By John Schaffner

In the late 1930s, when a young Charlie Loudermilk rode a trolley to Buckhead to the movie house on Roswell Road, the pie-shaped piece of land formed by the split of Peachtree and Roswell roads was filled with retail shops.
A lot has changed since, in Buckhead, at the movie house and on that pie-shaped plot of land.
The retail shops were removed when Sam Massell was mayor of Atlanta in the 1970s and replaced by a green space called Buckhead Triangle Park. Last May, the name was changed to Charlie Loudermilk Park in honor of his civic leadership in the community.
Today, Charlie Loudermilk owns that movie house, which last was named the Roxy Theater. He is spending millions to renovate the theater and make it once again a cultural center of Buckhead.

A bird’s-eye architectural rending of what the redesigned Charlie Loudermilk Park might look like. Roswell Road is in the foreground and Peachtree Road to the right of the park.

At the same time, Charlie Loudermilk Park is also undergoing a proposed transformation.
The planned redesign, spearheaded by the Buckhead Alliance, “creates a walk through the history of Buckhead,” according to the Web site the Alliance established to sell personalized bricks for the park.
A wall in the park will be created to resemble the façade of one of the old stores that once stood in Buckhead. The park also will feature the bronze buck’s head statue memorializing the head from which the community got its name. Another feature in the proposed design is a clock tower.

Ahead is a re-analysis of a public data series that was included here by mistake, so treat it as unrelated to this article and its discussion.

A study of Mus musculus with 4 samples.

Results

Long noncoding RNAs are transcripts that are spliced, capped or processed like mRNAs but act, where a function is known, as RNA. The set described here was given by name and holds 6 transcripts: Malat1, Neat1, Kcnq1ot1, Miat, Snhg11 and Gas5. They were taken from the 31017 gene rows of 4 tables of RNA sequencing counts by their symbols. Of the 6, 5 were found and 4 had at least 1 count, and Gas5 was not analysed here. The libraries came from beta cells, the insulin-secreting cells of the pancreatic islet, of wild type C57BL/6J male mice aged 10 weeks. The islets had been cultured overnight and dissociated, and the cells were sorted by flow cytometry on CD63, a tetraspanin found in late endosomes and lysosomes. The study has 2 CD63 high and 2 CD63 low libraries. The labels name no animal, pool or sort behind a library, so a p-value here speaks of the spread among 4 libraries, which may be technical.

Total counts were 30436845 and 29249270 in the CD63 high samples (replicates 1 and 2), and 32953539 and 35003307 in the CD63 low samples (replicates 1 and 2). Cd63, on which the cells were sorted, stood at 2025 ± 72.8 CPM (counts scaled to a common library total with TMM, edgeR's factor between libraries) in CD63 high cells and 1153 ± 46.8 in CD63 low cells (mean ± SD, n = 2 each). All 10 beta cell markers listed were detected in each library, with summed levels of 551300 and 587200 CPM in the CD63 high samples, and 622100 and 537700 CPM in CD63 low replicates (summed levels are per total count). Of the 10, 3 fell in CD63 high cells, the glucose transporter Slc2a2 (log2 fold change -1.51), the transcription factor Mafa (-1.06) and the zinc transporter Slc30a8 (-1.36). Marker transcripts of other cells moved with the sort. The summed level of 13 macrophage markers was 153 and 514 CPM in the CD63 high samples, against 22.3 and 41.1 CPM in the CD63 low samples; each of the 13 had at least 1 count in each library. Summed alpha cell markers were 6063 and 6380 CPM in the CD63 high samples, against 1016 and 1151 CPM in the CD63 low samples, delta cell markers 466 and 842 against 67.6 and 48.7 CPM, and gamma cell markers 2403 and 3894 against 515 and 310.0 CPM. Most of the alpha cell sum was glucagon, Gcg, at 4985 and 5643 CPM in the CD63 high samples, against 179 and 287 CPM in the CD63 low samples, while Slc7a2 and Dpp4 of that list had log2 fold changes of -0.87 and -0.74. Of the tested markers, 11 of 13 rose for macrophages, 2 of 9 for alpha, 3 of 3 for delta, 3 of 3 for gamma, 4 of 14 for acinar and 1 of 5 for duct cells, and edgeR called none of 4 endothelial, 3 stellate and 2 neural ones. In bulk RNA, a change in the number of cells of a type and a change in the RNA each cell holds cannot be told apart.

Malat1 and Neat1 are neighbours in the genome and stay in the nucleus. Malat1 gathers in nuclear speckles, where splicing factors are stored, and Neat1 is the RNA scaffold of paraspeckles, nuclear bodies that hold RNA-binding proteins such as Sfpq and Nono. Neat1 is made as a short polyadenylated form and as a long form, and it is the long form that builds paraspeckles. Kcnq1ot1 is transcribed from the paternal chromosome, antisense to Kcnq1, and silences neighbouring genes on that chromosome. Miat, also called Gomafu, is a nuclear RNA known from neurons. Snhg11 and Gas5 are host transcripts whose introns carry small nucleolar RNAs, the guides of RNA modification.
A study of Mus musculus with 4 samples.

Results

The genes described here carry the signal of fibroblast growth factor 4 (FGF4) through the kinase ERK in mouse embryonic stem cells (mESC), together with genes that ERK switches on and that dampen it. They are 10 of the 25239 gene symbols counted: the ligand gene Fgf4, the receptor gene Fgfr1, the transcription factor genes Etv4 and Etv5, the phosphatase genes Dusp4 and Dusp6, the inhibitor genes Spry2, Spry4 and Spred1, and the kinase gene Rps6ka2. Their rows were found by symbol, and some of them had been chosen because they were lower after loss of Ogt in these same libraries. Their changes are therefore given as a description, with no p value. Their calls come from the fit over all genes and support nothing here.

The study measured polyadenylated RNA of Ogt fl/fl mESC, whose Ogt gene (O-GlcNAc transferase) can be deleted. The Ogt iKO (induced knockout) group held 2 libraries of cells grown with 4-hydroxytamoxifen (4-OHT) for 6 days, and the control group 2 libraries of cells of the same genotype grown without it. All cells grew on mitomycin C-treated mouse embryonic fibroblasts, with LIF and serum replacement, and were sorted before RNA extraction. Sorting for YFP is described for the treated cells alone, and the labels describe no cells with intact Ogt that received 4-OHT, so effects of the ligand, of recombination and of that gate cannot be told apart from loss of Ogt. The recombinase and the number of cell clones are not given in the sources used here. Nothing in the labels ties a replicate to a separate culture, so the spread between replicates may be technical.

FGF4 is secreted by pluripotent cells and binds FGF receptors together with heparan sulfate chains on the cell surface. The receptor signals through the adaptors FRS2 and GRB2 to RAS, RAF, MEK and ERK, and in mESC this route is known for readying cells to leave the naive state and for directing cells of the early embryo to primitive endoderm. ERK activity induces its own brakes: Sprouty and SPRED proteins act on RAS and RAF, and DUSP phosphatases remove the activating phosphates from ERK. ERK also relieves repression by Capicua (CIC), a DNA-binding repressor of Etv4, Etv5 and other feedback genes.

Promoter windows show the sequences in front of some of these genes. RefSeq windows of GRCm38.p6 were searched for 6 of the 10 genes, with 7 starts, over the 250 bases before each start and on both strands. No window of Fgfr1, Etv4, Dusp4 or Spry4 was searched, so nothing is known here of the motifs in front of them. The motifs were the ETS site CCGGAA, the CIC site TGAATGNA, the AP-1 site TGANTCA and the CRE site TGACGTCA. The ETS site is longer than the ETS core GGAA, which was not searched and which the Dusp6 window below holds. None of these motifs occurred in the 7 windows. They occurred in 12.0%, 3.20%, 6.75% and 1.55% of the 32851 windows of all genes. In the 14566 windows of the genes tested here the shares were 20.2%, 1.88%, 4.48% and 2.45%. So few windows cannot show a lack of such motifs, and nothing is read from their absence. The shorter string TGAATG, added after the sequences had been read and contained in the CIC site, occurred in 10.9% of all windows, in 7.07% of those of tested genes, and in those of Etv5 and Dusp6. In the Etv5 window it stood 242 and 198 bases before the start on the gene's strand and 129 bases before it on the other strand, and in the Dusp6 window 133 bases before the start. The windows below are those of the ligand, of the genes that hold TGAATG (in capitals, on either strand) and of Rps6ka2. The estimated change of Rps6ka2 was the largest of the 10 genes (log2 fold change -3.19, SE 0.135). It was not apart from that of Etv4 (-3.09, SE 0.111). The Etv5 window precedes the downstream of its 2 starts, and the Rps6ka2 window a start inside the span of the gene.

The design was to be shown to the public at a meeting Feb. 10 at the Peachtree Presbyterian Church Lodge.
“What we want to do is have a walk through Buckhead history,” Robin Loudermilk, founder of the Buckhead Alliance and CEO of Buckhead-based Aaron’s Inc., said when the park was dedicated in 2009. “People can walk to different areas of the park and hear about various aspects of Buckhead history.”
Like his father, who founded Aaron’s and is refurbishing the Roxy across from the park, Robin Loudermilk would like to create a wall in the park that looks like part of one of the old stores that once stood there.
He wants to make it a place “where people would come and have their picture taken. Maybe inscribe the wall with the names of the Buchead Boys, Buckhead Coalition, the founders and the people who have been involved in making the community.”
The Buckhead Alliance has been working on the design with Buckhead architectural firm William Harrison Design and Atlanta’s parks department. To raise funds for the park redo, the alliance started a “Pave the Way” campaign, selling personalized bricks at $100 each to be used as part of the park renovation.
“We need to have two to three documented public meetings before we get approval from the Department of Parks, Recreation and Cultural Affairs and City Council,” said Buckhead Alliance executive director Kendall Craig.
Architect Bill Harrison presented information and renderings showing some proposed elements for the new park design in an attempt to get public feedback on what is being proposed and suggestions for alternative designs. An alliance representative was on hand to record the public’s feedback at the meeting.
Some of that information presented at the meeting also is available on the special park Web site (
“We’re also requesting that the Buckhead Community Improvement District (CID) manage the perimeter of the park—the sidewalks, street lamps, etc.” Craig said. She indicated the CID board will see the map and plan at its February meeting and will vote on that after obtaining pricing for their participation.
The proposed park design also will be presented to Neighborhood Planning Unit B before going to City Council for consideration. The NPU presentation has not been scheduled, but probably will occur in the spring.